OFB’s split into 7 DPSUs: Federations of RSS, Left, Cong to issue strike notice on July 1

The BJP-led Union government had on Wednesday announced its decision to dissolve the 220-year-old Kolkata-headquartered OFB and restructure it into seven new DPSUs, which will govern the 41 ordnance factories across the country and be fully owned by the government. The seven corporate entities are expected to be formed by the end of 2021.

Written by Sushant Kulkarni | Pune |
Updated: June 21, 2021 1:38:52 am
The Ordnance Factory Board is headquartered in Kolkata. (Express Archive)

DAYS after the government decided to convert Ordnance Factory Board (OFB) into seven Defence Public Sector Undertakings (DPSUs), the federations of ordnance factory workers affiliated to the Left, the RSS and Congress have said in a joint circular that they will serve the notice for an indefinite strike on July 1 and commence the nationwide strike on July 19 against the government’s decision.

The BJP-led Union government had on Wednesday announced its decision to dissolve the 220-year-old Kolkata-headquartered OFB and restructure it into seven new DPSUs, which will govern the 41 ordnance factories across the country and be fully owned by the government. The seven corporate entities are expected to be formed by the end of 2021. The three federations that have put up a united front against this move are All India Defence Employees’ Federation (AIDEF) of Left unions, Bhartiya Pratiraksha Mazdoor Sangh (BPMS), an arm of RSS-affiliate Bharatiya Mazdoor Sangh and Indian National Defence Workers’ Federation (INDWF) of the Indian National Trade Union Congress.

On Sunday, the presidents and general secretaries of the three federations held a virtual meeting. A joint circular issued after the meeting stated, “The meeting took a very serious note of the manner in which the government has dismantled the ordnance factories and sabotaged the future of the committed workforce of these factories. The meeting also expressed its serious concerns of various violations by the government.”

The circular added that among various decisions taken during the meeting were, “To explore the possibility of legal action in consultation with senior lawyers…It has been decided to serve the strike notice for indefinite strike on July 1 and commence the nationwide indefinite strike on July 19. The decision of commencement of the indefinite strike will be informed to the government on June 23.”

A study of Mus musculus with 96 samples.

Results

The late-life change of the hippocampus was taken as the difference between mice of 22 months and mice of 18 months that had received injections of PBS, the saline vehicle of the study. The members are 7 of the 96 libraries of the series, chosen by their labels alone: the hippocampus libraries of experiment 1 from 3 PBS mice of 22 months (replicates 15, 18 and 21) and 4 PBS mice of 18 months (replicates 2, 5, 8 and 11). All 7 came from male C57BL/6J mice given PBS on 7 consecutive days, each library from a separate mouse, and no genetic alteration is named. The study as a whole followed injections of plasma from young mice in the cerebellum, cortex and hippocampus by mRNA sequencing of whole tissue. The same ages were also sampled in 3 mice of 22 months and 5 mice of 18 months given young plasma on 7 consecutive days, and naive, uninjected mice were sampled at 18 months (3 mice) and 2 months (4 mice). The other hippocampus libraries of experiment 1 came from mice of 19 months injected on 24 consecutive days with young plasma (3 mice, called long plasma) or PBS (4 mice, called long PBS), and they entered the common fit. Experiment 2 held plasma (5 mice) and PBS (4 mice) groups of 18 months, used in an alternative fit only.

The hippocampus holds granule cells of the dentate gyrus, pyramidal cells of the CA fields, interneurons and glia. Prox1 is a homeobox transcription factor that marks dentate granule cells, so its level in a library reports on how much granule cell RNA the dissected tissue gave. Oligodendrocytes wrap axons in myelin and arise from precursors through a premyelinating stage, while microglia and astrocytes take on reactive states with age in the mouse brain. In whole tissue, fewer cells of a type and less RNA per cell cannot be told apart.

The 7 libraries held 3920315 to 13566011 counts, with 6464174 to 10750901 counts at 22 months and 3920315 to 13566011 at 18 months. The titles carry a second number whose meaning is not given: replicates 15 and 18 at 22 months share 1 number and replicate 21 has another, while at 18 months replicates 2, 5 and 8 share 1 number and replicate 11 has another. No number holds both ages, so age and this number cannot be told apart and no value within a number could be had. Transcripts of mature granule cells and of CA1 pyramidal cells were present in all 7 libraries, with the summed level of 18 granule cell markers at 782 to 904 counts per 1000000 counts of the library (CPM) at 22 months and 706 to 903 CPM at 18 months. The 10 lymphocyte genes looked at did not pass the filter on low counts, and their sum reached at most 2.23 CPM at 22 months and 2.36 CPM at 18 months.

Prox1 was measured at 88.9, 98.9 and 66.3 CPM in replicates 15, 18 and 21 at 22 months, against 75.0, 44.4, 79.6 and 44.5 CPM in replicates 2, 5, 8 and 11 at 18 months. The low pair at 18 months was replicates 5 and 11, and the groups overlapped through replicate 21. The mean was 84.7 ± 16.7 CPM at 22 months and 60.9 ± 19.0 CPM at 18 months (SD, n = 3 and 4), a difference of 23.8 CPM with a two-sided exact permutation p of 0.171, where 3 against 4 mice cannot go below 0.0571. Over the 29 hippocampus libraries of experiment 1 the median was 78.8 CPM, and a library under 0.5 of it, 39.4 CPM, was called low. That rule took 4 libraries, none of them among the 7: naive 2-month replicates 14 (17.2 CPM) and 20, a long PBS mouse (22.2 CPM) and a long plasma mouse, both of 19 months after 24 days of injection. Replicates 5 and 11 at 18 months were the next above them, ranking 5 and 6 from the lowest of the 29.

The circular concludes, “The federations call upon the employees of ordnance factories to understand the serious implications of the government decision to splinter the ordnance factories into seven corporations, on the existence and survival of the majority of factories and also the serious repercussions on the service matters, job security, wage protection, terminal benefits etc and be prepared to fight back…”

Federation officebearers said that Chief Labour Commissioner (Central) will be served the notice on July 1 while regional labour commissioners will be served notices by the regional workers’ bodies. The copy of notice will also be served to the employer, the Department of Defence Production of the Ministry of Defence. The three federations were to go on strike on October 12 last year but had deferred as conciliation talks through the Chief Labour Commissioner were launched. In spite of strong opposition from the three main worker federations, the Ministry of Defence had been taking concrete steps towards converting the OFB into 100 per cent government-owned corporate entities. The OFB, an umbrella body for ordnance factories and related institutions, is currently a subordinate office of the MoD and is a conglomerate of 41 factories, nine training Institutes, three regional marketing centres and five regional controllers of safety.

While at least three committees on defence reforms set up by the governments between 2000 and 2015 have recommended corporatisation, it had not been implemented till now. The notion of corporatisation was listed as one of the 167 ‘transformative ideas’ to be implemented in the first 100 days of the Narendra Modi government’s second term. One of the main apprehensions of the employees is that corporatisation would “eventually lead to privatisation”. Another key concern has been that the corporate entities will not be able to survive the unique market environment of defence products that has very unstable demand and supply dynamics. They also fear job losses.